Inspired by putting visually imparied people first, Reader-view creates a new way to search the internet.
Typically when people search the web for content to read, the process consists of two separate tasks: guessing which link is going to be the best one to click, and then reading the articles. For folks with good vision, this is a slight waste of time; but for people with visual impairments, this is tedious and annoying.
Reader View is a new Chrome extension that helps people search and read high quality articles quickly. Launched this week by a company called Giggle, the extension improves the search experience by allowing people to read without leaving the search experience.
The way I would describe Reader-view is that it acts as a magical book. Once you search, the book fills up with articles about the topic you want to read about. For example, if you search for “Is Google a monopoly?,” instead of clicking the first link to read the article, then clicking back when you’re done, you hit the large Reader View button, and you’ll see all of the text from that article displayed in a panel. If you’re done reading it, you can click next to pull up the article from the second result.
“As we developed this, we constantly thought about how a blind person might interact with it,” says Mewantha, a lead developer on the project. The extension has full audio of any article so that the text can be read, and you are free to resize the text to as large or small as you are comfortable with, he explains.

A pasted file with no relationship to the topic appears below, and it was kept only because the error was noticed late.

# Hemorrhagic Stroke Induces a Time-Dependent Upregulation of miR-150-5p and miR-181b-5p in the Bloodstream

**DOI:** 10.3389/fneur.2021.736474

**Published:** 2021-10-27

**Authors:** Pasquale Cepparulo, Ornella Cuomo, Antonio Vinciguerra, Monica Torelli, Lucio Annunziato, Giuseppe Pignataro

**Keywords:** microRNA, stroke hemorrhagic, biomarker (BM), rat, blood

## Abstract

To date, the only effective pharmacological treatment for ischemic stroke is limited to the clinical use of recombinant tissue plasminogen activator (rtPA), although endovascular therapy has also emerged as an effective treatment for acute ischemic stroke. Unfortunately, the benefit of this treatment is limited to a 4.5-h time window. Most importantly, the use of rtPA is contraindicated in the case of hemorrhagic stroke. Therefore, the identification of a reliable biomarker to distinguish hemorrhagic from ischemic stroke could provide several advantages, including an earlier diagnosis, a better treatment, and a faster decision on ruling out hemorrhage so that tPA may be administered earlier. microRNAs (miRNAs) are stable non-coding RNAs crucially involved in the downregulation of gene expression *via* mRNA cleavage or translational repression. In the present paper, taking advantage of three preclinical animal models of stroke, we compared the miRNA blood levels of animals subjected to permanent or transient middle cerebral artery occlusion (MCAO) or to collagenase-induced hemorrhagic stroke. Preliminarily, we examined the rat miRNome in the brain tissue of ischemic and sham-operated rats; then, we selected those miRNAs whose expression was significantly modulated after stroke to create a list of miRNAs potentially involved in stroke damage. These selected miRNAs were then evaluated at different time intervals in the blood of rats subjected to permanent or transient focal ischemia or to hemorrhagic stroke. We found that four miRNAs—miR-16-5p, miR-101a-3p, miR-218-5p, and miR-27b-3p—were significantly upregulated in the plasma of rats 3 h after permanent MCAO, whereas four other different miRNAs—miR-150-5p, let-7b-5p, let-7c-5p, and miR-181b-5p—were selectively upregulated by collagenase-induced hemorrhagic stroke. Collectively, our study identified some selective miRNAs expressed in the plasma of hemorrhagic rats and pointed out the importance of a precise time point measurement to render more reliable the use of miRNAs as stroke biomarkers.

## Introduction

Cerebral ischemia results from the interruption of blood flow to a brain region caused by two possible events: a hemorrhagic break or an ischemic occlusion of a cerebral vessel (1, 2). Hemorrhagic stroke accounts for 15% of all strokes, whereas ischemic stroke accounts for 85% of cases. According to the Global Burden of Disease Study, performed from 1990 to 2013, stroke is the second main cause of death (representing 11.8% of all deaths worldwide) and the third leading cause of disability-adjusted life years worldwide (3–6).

One of the little tricks that Ashish, another developer on the project is proud of, is “pre-downloading”, which automatically goes ahead and downloads article #2 while you’re reading the first article so that it’s ready for you when you click next. There is zero wait time, and if it’s a junky article, the system just skips it for you so that you don’t need to waste your time.
Putting blind people first, not last as an afterthought, is increasingly used to design revolutionary new products. Necessity is the mother of invention. Creating constraints by focusing on people with impairments pushes teams into thinking about creative solutions.
“One of the things I like best about Reader-View,” says Robert, a beta-tester “is that the extension gets rid of all the junk for me. There’s no ads, the bad articles are skipped, and there’s no pop-ups. It’s a reminder of how the internet was before Google ruined it by incentivising click-bait.”
The ultimate goal of Giggle is to fix journalism. One of the challenges that the extension faces is pushback from large newspapers which are funded primarily by displaying ads to people who visit their websites. The trouble is that 60% of local news outlets have been closed down within the past decade. Small newspapers can’t compete with the global scale of mega-papers funded by, let’s be frank: click-bait. With Reader-View, whenever you enjoy an article, you can click “contribute” to make a micro-contribution directly to the journalist or blogger who wrote the article. This incentivises quality over eyeball catching, and should help local news outlets become relevant again.
The company is now looking to get in touch with as many journalists and bloggers as possible to do some user research before completing development on the donation system. If you are a journalist, they’d love to hear from you at email@example.com. If you have a visual impairment, and have some feedback, please just click the “feedback” link at the top of reader view.